Movement to be maintained for future generations


IN 1986, the ZANU PF Youth League established an educational and cultural movement for children aimed at fostering principles of hard work and honesty as espoused by President Robert Mugabe.
The Youth League carried out a research to see how similar movements were constituted in sister republics like Cuba, Angola and Mozambique.
After a comprehensive and thorough research, a document was presented to the ZANU PF Central Committee and was adopted.
After consultations with relevant stakeholders, it was agreed that children aged between five and 14 would be taught to emulate the selfless life of President Mugabe.
They were to be nurtured to grow up endowed with President Mugabe’s enduring spirit of sacrifice to the nation.
ZANU PF Youth League Secretary, Cde Absolom Sikhosana has said the 21st February Movement will continue to be celebrated by the party long after President Mugabe is gone.
“The 21st February Movement will be there for posterity, this is a legacy that will be maintained by generations to come,” Cde Sikhosana said.
Celebrated under different themes in tandem with national policies, this year it will be held under the theme, ‘Zim-ASSET — Growing the Economy for Youth Empowerment and Employment’.
President Mugabe’s birthday has become a time not only for celebrations, but introspection and reminding youths that they have a role to play in the future of the country.
President Mugabe is on record calling for the empowerment of blacks and that the youths must not be left out.
The latest economic blue print, Zim-ASSET which seeks to boost economic growth specifically mentions the empowerment of youths.
This year’s celebrations come at a time when the Western media have shamelessly sought to portray President Mugabe as a selfish leader bent on staying in power and this despite the fact that he received an overwhelming vote in the July 31 2013 harmonised elections.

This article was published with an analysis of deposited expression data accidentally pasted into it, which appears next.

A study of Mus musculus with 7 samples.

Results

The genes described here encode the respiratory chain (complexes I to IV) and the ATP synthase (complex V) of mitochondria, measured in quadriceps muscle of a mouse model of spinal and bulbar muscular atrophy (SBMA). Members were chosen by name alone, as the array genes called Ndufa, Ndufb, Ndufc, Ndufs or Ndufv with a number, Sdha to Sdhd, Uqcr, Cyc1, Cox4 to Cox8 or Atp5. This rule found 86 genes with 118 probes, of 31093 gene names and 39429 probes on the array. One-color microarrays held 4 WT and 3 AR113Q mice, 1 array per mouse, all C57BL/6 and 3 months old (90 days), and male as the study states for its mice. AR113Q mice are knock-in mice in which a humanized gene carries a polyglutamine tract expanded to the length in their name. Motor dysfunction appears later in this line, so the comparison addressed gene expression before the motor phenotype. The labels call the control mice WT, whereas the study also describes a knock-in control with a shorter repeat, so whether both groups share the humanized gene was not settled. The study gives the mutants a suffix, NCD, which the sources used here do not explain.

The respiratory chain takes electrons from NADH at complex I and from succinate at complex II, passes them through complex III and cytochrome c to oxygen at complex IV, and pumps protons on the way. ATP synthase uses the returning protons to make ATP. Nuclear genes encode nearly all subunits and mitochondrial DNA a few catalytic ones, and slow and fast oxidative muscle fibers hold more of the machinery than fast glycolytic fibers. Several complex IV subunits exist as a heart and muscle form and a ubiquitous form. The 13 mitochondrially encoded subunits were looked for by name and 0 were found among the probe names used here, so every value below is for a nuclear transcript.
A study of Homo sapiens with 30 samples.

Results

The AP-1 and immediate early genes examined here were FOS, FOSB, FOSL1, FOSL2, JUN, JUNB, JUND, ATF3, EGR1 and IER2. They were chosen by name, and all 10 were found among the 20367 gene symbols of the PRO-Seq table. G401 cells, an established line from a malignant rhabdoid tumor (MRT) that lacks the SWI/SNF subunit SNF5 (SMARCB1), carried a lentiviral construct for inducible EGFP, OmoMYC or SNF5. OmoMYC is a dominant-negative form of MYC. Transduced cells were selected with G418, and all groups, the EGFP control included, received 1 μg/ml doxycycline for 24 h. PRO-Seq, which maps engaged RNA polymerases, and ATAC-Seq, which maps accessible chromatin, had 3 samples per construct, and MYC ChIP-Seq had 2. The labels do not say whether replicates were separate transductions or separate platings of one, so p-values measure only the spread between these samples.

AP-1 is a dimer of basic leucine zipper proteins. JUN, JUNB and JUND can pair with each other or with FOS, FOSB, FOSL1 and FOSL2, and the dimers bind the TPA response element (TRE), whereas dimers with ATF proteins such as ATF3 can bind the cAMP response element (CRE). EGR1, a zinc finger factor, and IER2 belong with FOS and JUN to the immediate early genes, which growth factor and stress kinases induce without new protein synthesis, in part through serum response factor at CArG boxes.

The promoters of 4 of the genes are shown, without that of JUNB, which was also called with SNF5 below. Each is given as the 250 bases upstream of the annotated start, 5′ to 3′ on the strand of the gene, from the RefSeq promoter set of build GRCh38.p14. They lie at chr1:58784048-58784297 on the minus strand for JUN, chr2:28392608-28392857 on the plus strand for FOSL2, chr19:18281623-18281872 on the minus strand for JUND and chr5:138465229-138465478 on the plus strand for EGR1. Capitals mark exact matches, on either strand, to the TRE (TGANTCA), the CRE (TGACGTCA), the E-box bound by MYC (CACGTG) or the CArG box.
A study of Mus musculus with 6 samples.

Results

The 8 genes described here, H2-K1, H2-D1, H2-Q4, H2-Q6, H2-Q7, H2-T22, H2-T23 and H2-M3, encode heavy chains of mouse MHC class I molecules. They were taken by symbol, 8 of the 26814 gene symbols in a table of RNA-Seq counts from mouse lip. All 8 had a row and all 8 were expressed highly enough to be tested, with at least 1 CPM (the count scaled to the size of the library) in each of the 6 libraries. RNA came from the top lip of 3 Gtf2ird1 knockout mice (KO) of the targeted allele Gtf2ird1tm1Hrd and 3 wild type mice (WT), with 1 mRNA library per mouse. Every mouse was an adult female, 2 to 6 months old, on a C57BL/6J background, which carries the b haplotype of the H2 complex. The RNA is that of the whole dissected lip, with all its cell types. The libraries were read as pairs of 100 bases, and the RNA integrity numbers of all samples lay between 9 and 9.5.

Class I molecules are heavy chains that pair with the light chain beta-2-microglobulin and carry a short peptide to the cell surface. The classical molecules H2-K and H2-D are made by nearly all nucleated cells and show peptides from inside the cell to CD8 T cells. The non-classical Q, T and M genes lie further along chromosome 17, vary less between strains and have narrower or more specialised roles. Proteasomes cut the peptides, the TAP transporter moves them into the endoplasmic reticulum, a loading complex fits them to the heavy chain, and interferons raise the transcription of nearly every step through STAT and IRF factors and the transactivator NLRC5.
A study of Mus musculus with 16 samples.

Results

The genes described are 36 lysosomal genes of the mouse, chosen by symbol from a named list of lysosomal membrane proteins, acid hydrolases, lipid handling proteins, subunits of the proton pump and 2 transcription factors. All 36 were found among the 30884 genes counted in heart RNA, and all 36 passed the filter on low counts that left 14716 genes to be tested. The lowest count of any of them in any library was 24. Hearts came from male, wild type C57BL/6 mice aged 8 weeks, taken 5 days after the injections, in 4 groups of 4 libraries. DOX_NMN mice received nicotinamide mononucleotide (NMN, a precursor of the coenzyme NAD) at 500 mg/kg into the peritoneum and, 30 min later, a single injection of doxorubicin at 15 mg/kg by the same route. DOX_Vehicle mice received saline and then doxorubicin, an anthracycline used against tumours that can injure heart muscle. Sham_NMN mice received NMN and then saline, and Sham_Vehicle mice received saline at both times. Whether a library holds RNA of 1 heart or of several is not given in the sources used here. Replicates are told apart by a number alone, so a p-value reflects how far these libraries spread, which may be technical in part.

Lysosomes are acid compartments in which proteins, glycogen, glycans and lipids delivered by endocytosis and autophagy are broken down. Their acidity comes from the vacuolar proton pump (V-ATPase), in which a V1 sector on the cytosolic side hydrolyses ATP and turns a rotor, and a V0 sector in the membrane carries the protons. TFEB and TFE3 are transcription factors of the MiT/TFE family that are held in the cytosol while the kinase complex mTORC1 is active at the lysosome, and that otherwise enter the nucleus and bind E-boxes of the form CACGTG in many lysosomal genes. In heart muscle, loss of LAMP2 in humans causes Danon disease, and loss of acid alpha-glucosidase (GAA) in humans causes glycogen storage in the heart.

The Western media chooses to ignore that President Mugabe has over time proved to have foresight in terms of advancing the development and self sustenance of Zimbabweans and African people as a whole.
The 21st February Movement has made efforts to sensitise the so-called born-frees about the history of Zimbabwe and moulding them into legitimate leaders of tomorrow who understand the meaning of real independence.
There is no doubt it is the youth who took to the bush during the country’s liberation war and currently it is the youths who are expected to take a leading role in the fight against some of the country’s challenges such as corruption.
It is also imperative for youths to uphold the country’s culture and heritage and, as President Mugabe always says youths must ensure that Zimbabweans are in total control of their economic means of production, particularly land.
The 21st February Movement therefore provides the youth of Zimbabwe and Africa the opportunity to revisit the life of this Pan-Africanist and reflect on how they too can contribute to the development of their respective countries and the entire continent.